Kyle Tom grew up in Iyanbito, a town 16 miles east of Gallup on the Navajo Nation, in a fourth-generation rodeo family. He is of the Ashiihi nishli (Salt People) and Haltsooi bashishchinn (Meadow People) clans. Indian rodeo is rooted in the horse racing and wild-cow racing competitions that started on the Navajo Nation in the late 1880s. The first formally organized Navajo rodeo took place in 1957. Although the sport ran in his blood, Tom took to announcing rather than competing. Since his start, he’s held the mic at events across the U.S. and at the granddaddy event, the Navajo Nation Fair, one of the largest fairs and rodeos on the Navajo Nation.
Rodeo is part of the Navajo culture. Going back to our traditional stories, the horse is there. They have a spiritual role in our ceremonies. With the Navajo Nation being as big as it is, even into the 1970s, people were riding or traveling by covered wagon sometimes two to three days to a trading post to get necessities. Even today, there’s always a time when kids are chased out of the house and onto the saddle. So many of our young men and women raise livestock, understand ranch work, and have horsemanship skills.
All my early memories are of going to rodeos. My father was a bull rider, then did calf-roping. He was a Southpaw, so everyone remembers Ed Tom. I started early doing junior rodeos, but I didn’t make it past six or seven years old. Every time in practice, I’d nail it, but once I got to the rodeo it would all fall apart. My competition experiences were pretty scary. My joke is that if I could do anything, I wouldn’t be the one doing the talking.
Before I announce an event, there’s so much preparation. At the bigger rodeos, you get a day sheet, and you go right to doing your homework. I find out who’s won where, who’s on a streak. When I offer commentary, I do it with excitement. I want the crowd to get into it and for everybody to scream.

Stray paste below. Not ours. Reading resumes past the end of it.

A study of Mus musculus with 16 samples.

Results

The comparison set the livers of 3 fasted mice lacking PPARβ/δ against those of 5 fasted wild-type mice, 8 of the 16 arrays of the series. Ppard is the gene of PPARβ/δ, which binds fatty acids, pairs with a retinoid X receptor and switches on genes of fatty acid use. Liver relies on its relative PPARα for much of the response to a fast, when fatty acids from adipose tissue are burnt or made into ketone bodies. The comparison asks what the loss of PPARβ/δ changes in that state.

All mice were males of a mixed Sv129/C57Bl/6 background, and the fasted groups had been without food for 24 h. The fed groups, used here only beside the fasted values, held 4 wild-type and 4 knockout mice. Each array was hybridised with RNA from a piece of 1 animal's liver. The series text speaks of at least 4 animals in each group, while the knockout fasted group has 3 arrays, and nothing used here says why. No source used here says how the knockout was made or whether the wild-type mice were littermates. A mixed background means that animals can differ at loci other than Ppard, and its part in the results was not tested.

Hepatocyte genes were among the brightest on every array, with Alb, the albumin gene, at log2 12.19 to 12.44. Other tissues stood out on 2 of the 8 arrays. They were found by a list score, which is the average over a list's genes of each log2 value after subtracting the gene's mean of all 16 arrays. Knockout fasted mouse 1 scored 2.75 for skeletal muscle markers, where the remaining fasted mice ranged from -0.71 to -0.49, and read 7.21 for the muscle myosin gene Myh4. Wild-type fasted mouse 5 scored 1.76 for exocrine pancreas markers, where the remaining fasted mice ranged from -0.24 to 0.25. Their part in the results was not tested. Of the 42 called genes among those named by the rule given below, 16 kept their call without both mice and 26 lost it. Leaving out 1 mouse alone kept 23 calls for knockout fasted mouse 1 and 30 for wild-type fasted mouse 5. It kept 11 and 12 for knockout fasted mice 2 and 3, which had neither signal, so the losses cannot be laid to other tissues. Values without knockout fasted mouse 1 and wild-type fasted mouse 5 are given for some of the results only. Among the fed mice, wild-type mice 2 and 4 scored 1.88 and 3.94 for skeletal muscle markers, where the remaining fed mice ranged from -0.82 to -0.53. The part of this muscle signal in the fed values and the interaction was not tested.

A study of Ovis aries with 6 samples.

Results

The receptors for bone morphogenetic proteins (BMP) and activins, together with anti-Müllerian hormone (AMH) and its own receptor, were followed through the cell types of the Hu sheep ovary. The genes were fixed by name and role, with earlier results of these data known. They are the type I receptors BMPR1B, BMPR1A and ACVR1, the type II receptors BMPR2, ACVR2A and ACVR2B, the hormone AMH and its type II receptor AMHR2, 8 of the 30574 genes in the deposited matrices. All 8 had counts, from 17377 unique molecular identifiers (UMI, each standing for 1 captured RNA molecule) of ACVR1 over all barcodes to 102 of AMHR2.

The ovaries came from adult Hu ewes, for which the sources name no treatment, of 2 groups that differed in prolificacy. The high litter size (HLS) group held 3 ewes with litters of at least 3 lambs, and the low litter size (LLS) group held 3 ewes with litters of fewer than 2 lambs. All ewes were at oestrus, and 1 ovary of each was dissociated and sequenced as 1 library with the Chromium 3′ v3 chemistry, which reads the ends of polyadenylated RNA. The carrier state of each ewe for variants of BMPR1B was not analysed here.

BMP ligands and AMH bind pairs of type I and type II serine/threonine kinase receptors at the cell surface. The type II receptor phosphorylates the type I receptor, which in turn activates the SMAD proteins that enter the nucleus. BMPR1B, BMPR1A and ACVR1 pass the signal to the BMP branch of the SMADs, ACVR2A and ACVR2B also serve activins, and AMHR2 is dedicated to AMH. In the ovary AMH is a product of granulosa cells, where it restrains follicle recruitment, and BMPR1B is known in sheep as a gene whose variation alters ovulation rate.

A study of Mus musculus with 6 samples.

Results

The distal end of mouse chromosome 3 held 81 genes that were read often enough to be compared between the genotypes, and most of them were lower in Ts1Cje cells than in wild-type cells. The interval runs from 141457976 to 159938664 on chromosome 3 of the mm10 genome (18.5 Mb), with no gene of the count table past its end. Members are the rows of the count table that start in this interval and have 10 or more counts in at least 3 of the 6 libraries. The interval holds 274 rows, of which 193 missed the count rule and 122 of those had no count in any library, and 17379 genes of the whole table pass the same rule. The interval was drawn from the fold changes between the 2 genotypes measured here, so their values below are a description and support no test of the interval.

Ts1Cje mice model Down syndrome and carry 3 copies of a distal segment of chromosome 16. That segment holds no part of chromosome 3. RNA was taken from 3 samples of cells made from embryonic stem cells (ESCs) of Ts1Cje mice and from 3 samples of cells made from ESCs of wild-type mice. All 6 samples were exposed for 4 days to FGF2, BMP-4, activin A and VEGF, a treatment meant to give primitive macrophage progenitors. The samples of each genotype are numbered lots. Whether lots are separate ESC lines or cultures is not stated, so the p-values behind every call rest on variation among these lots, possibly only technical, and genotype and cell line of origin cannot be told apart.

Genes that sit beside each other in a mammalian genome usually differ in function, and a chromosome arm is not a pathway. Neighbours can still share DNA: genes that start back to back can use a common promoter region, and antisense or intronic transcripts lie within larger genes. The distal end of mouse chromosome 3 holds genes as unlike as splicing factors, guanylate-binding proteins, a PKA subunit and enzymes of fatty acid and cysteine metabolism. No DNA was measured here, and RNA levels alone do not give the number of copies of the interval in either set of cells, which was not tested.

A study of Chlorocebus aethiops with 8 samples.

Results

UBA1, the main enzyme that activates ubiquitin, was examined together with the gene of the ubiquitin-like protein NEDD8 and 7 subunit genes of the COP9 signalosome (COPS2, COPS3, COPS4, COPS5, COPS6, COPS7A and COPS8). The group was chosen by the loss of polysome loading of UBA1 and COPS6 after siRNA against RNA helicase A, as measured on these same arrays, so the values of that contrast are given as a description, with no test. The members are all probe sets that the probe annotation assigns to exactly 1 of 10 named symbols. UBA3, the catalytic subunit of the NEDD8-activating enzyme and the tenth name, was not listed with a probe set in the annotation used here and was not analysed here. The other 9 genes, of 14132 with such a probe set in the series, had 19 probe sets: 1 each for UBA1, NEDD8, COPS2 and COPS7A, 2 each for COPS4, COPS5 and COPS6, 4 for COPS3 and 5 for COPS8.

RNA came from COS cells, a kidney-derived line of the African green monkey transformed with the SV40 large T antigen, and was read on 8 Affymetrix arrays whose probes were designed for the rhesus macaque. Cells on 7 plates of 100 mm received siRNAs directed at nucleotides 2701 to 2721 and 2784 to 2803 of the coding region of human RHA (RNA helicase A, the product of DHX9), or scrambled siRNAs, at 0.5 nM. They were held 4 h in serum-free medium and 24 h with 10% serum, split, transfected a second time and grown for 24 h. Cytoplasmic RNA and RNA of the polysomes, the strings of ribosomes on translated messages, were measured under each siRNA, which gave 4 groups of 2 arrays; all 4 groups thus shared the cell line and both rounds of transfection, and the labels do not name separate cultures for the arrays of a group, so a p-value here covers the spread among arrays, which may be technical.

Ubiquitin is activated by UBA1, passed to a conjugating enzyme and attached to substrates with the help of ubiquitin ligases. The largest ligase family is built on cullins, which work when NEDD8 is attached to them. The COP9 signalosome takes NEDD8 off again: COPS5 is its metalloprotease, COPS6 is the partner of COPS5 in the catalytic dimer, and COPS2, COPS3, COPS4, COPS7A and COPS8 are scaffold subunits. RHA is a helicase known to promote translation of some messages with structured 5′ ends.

Professional Rodeo Cowboys Association rodeos have seven events, but those affiliated with Indian National Finals Rodeo have an extra event. They add in ladies’ breakaway roping, which we’ve had forever. We’ve always known these ladies could do more than barrel racing. A lot of Indian rodeos are also adding ladies team roping now.
People who want to attend rodeos on the Navajo Nation can look for events hosted by the Central Navajo Rodeo Association and the Navajo Nation Rodeo Association. A lot of the fairs also host rodeos, including the Eastern Navajo Fair and Rodeo, in Crownpoint, and the Northern Navajo Nation Fair, in Shiprock. Although it’s not on the Navajo Nation, the rodeo at Red Rock Park, in Gallup, during the Gallup Inter-Tribal Indian Ceremonial is also a great event.
The Navajo Nation Fair Rodeo, in Window Rock, Arizona, is one of the largest. I was fortunate to announce that rodeo for the first time in 2019. It was a dream come true. I remember being seven years old and my dad taking my whole family to the rodeo. Growing up, we’d always go to short-round Sunday and watch the final showdowns. I went to that rodeo for so many years, then I was finally behind the mic. My family, and even my dad, came. It was a real full-circle moment.
On the Navajo Nation, rodeo is still rodeo. You can pull up and park your truck next to the rodeo arena. Most people back in, put down the tailgate, and sit in camping chairs in truck beds to watch. Navajo rodeo is best enjoyed with frybread. Bring cash because there will likely be jewelry that Navajo vendors set up. And if you’re going to really experience a rodeo, make a weekend of it and explore the rest of the Navajo Nation, including the tribal parks like the Four Corners Monument.